These advances have created new sources of revenue for businesses that will benefit from faster delivery time of automated processes. With automation, managing increased batch workloads is now possible across a single point of control. This will allow businesses to better plan future changes to workload, as well as understand the potential impact of changes on IT and their business. Service level agreements (SLAs) can also be met with ease, and assist expansion plans across to the rest of the organisation. As batch workloads increase from delivering IaaS services to customers, workload automation will help to lower costs of ownership, increase flexibility, and delivery greater value to customers.
Helping coordinate multi-vendor solutions
Many innovative technology solutions have emerged in recent years, leading to a wide variety of choices on the market. Previously, companies preferred to purchase solutions from a single vendor, but it is now common for businesses to invest in different brands of software for patch management, server provisioning and others.
This multi-vendor strategy has significant impacts on automation. There is a stronger need to review and orchestrate pockets of automation to optimise workflow, because different tasks are delivered by different vendors. It is now even more important to run heavy-duty tests on the process to ensure that all the tasks are accounted for. This is where good automation processes come in, to coordinate these multiple software solutions so that they run perfectly in sync.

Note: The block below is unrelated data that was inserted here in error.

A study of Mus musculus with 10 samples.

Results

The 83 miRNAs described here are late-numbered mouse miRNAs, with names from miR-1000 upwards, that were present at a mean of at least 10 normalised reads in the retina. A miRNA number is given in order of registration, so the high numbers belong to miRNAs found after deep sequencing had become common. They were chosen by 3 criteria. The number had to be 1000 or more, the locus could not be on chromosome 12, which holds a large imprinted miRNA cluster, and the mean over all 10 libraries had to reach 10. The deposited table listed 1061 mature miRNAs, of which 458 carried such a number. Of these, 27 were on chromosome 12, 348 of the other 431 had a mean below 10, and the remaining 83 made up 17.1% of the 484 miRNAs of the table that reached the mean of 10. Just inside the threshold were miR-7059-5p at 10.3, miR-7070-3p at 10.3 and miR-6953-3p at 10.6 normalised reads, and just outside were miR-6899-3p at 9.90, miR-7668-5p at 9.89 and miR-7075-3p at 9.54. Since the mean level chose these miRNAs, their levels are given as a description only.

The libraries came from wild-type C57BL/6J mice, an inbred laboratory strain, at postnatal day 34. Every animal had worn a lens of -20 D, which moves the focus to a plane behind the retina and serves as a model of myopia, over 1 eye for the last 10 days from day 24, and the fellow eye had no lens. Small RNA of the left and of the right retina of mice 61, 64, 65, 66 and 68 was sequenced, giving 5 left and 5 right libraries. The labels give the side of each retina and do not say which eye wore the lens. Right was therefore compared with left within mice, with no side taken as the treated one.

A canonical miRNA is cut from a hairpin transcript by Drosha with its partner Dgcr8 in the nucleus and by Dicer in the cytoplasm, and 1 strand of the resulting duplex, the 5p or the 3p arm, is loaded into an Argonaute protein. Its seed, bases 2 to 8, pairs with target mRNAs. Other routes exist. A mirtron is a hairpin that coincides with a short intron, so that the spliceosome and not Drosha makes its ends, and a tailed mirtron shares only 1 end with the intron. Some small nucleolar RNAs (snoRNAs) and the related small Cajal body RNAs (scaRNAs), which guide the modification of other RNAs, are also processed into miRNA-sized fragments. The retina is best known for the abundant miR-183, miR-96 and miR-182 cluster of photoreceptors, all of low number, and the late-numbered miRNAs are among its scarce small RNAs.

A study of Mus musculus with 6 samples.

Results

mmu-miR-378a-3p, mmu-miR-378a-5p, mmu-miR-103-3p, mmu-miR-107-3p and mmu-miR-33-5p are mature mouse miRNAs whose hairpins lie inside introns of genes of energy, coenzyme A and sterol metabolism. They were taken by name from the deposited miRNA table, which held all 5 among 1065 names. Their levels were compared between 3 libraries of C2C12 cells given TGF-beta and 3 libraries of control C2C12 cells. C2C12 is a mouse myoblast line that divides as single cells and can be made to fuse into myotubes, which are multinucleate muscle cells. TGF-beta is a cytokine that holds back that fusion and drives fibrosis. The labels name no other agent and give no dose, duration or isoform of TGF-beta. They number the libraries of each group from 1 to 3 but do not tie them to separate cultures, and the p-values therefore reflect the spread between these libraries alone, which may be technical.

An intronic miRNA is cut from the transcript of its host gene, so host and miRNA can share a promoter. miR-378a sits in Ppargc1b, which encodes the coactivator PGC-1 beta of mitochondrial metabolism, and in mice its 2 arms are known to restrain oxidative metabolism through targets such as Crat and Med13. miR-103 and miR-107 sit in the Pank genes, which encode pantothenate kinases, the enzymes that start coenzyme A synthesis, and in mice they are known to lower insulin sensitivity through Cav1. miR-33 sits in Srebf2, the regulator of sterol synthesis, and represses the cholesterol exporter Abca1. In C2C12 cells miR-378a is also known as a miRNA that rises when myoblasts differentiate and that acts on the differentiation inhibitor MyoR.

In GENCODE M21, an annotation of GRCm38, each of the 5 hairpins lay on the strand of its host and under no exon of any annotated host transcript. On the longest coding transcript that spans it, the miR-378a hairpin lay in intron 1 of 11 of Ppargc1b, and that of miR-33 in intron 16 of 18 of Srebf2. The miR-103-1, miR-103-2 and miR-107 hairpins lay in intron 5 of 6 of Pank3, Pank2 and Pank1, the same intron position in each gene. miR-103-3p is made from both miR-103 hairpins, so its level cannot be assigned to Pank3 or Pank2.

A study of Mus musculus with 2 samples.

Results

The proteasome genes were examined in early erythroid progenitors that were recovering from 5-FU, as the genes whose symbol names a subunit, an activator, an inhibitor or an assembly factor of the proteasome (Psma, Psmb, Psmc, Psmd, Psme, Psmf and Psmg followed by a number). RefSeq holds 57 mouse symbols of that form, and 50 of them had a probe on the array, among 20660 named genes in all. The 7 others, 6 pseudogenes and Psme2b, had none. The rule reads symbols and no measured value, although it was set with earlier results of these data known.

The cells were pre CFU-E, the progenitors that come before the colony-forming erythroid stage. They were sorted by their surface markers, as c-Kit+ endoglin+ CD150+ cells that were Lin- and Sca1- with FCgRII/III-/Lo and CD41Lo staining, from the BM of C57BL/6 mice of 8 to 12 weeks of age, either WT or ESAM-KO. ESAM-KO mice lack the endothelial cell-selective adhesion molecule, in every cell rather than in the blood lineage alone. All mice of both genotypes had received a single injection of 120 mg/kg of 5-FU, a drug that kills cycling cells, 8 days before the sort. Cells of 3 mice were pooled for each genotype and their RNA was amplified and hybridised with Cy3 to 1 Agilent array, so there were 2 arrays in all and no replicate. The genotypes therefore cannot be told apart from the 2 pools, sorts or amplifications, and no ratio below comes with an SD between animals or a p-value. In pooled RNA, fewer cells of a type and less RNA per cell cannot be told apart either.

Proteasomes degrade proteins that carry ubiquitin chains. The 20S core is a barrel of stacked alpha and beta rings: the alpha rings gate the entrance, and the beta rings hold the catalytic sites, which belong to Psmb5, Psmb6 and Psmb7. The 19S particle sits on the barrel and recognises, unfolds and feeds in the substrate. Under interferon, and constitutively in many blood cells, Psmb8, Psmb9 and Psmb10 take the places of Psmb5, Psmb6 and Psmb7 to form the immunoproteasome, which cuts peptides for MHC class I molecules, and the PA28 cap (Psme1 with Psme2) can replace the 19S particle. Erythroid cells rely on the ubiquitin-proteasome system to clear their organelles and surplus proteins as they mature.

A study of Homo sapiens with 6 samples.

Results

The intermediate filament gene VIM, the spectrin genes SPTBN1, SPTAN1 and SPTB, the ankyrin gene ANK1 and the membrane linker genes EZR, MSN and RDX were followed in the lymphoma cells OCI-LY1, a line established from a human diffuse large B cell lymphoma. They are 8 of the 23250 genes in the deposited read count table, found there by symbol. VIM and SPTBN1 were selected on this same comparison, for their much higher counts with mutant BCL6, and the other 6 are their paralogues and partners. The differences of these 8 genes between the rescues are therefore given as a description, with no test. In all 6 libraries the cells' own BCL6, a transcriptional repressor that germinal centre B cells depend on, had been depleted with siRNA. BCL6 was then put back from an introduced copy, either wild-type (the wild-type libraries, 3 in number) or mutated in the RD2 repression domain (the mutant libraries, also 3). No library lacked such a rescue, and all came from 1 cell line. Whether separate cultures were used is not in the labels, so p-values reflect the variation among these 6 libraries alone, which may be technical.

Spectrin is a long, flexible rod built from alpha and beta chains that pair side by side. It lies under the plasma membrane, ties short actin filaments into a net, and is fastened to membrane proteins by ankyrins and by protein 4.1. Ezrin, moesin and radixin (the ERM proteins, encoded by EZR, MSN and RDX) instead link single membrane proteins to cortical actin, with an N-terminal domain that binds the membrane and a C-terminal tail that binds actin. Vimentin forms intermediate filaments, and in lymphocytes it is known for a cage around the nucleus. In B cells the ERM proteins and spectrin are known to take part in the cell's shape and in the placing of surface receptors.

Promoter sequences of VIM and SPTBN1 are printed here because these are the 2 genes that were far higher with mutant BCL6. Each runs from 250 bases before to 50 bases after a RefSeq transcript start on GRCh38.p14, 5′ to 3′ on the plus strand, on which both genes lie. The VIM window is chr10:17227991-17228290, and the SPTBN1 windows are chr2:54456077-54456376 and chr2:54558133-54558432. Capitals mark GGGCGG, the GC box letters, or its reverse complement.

As businesses increasingly turn to multiple software solutions, automation will ensure that every part of a company's IT system will continue running efficiently. With a well-planned automation system, different software systems will work for and not against each other, with minimal disruption. In the long run, this will help businesses keep their services running at maximum capacity, while reducing outages and downtime.
Additionally, to achieve and optimise the benefits of the cloud, organisations have to automate end-to-end processes. It is no longer about automating only a certain part of the process, or only the mission-critical areas. Automating the processes in data centres lays the foundation for the cloud and optimises the value for both the organisation and its customer.
While automation used to be seen merely as a cost-cutting measure, it has become a much more holistic solution to building a more robust IT infrastructure. To truly benefit from automation, businesses need to ensure that their automation objectives are well aligned with their business priorities and policies, and make the most efficient use of resources, both IT and business, to create greater value.
When effective automation is in place, it should orchestrate and optimise resources, regardless of where they reside, either locally or in the cloud. In 2012, automation will help organisations make the right set of options available to users - ones that will ultimately help enterprises stay competitive as they enter the cloud.
Chip Salyards is vice president of BMC Software Asia Pacific.